February 15, 2007

Contact: Dan Svedarsky, head, natural resources, 218-281-8129 ( Elizabeth Tollefson, assistant director of communications, 218-281-8432 (

CROOKSTON, Minn. (February 15, 2007) –Thanks to Dennis Nikolayson of rural
Dennis Nikolayson and Dan Svedarsky
Dennis Nikolayson and Dan Svedarsky
Erskine, the University of Minnesota, Crookston (UMC) has a piece of the past. Nikolayson and his father were working in a former peat bog on his farm west of Erskine in 1958 when they discovered an almost perfect skull of a bison and most of the skeleton along with remnants of 2 others. The skull is on display in the Natural History Collection on the second floor of Owen Hall on the campus.

Once estimated at 75 million animals ranging on the grasslands as far east as the Atlantic Ocean and as far south as the Gulf of Mexico, bison have been gone from Minnesota for some 170 years or so. The last bison records were recorded in northwest Minnesota. Wandering animals in small herds were still encountered in the state as late as 1880 according to an historical record from a Mr. A. Hawkins of Twin Valley. He recalled that, as a 9-year-old, he saw four animals heading west in June of that year as he was herding cattle. According to Gustav Swanson in The Mammals of Minnesota, this is apparently the last record of wild bison in the state.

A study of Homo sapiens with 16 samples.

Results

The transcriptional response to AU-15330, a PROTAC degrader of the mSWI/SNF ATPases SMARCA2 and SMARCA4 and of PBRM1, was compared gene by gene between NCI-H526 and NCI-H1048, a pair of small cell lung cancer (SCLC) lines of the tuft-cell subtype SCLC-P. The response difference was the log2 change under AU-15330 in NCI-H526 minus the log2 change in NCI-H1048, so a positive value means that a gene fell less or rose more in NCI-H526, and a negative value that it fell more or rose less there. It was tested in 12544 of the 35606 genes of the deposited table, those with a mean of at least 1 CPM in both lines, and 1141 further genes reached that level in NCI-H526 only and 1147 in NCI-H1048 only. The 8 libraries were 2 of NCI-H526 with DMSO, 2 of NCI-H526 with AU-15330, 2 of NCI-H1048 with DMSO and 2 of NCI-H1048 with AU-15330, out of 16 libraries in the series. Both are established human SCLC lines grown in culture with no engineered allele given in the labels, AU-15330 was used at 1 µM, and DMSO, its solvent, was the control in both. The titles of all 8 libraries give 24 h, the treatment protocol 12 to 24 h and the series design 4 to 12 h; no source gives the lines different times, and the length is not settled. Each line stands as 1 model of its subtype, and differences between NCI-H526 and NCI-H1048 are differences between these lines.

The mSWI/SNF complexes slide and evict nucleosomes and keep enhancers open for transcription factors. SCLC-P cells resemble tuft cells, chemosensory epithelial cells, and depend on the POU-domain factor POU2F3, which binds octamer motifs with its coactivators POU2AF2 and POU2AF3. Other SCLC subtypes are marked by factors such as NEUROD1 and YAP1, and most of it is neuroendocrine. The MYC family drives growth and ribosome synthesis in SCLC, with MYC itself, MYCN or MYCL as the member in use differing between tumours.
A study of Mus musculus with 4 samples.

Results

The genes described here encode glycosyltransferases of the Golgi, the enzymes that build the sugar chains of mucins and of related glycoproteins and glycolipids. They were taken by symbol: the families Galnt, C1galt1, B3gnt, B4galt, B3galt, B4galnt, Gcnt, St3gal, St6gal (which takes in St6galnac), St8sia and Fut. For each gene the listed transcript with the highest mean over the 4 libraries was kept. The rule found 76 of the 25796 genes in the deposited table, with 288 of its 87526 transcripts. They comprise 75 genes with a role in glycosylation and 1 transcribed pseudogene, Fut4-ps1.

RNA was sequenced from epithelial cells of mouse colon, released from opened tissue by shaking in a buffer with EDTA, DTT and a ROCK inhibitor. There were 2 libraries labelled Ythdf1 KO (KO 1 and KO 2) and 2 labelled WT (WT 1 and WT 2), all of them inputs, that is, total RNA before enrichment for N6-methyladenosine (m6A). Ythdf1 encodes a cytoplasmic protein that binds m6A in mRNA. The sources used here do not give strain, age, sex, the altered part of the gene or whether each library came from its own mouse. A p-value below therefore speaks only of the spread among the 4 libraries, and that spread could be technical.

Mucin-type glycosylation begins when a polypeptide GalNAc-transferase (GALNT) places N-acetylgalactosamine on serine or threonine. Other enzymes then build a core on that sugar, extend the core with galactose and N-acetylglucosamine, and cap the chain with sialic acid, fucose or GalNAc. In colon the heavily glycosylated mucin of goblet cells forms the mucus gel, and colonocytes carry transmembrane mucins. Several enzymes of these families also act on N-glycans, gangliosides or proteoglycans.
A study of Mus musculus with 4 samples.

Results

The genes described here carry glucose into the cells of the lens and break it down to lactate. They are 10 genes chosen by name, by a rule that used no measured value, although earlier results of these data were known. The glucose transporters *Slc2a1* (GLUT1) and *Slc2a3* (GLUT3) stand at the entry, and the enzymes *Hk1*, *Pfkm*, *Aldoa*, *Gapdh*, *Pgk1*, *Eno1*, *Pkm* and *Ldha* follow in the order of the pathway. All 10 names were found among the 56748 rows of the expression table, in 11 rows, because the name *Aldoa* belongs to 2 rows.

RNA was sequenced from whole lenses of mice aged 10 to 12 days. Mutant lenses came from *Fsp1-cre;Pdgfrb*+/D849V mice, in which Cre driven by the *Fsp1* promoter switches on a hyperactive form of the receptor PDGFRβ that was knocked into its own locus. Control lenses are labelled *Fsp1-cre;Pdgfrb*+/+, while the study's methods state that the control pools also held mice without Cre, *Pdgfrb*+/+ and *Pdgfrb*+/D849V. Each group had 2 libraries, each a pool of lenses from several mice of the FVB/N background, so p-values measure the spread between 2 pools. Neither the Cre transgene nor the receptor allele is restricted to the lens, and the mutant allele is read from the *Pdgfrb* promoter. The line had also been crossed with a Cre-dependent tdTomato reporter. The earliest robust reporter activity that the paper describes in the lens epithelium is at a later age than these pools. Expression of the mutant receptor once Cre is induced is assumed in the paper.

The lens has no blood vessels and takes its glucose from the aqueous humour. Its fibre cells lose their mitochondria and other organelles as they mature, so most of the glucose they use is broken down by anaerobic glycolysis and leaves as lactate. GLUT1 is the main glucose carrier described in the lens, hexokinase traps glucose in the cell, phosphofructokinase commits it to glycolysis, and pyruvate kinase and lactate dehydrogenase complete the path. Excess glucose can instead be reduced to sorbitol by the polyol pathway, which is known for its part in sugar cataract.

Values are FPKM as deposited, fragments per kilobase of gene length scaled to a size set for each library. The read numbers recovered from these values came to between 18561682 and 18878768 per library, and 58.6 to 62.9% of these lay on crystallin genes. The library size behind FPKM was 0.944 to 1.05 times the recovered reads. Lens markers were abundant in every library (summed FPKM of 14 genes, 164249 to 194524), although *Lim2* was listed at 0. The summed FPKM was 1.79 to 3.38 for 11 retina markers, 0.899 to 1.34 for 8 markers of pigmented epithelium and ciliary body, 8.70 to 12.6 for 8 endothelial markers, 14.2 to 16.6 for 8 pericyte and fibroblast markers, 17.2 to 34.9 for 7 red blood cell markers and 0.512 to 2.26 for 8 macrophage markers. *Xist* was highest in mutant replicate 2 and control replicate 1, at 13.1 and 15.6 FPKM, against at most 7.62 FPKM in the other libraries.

Bison bones are not especially uncommon in peat bogs and river sediments in northwest Minnesota. “When the Red Lake River is low, one can find bison and elk bone fragments but it is rare to find an intact skull like the one on loan from Mr. Nikolayson,” according to Dan Svedarsky, head of the Natural Resources Department at the Crookston campus. “It is intriguing to imagine the circumstances of how the adult bison came to be trapped in the boggy area."

According to Nikolayson, the peat was about 6-8 feet deep. Originally open water, the wetland would have originated after the retreat of the last glacial ice sheet and before the drainage of Glacial Lake Agassiz approximately 9,000 years ago. An accumulation of peat would have had to be present to trap the bison dating the skull to more than 1,000 years old, perhaps more.

“We are very grateful to Mr. Nikolayson for loaning us this unique piece of our history,” Svedarsky said.  For more information, contact Lab Services Coordinator Laura Bell of UMC’s Natural Resources Department at 218-281-8131.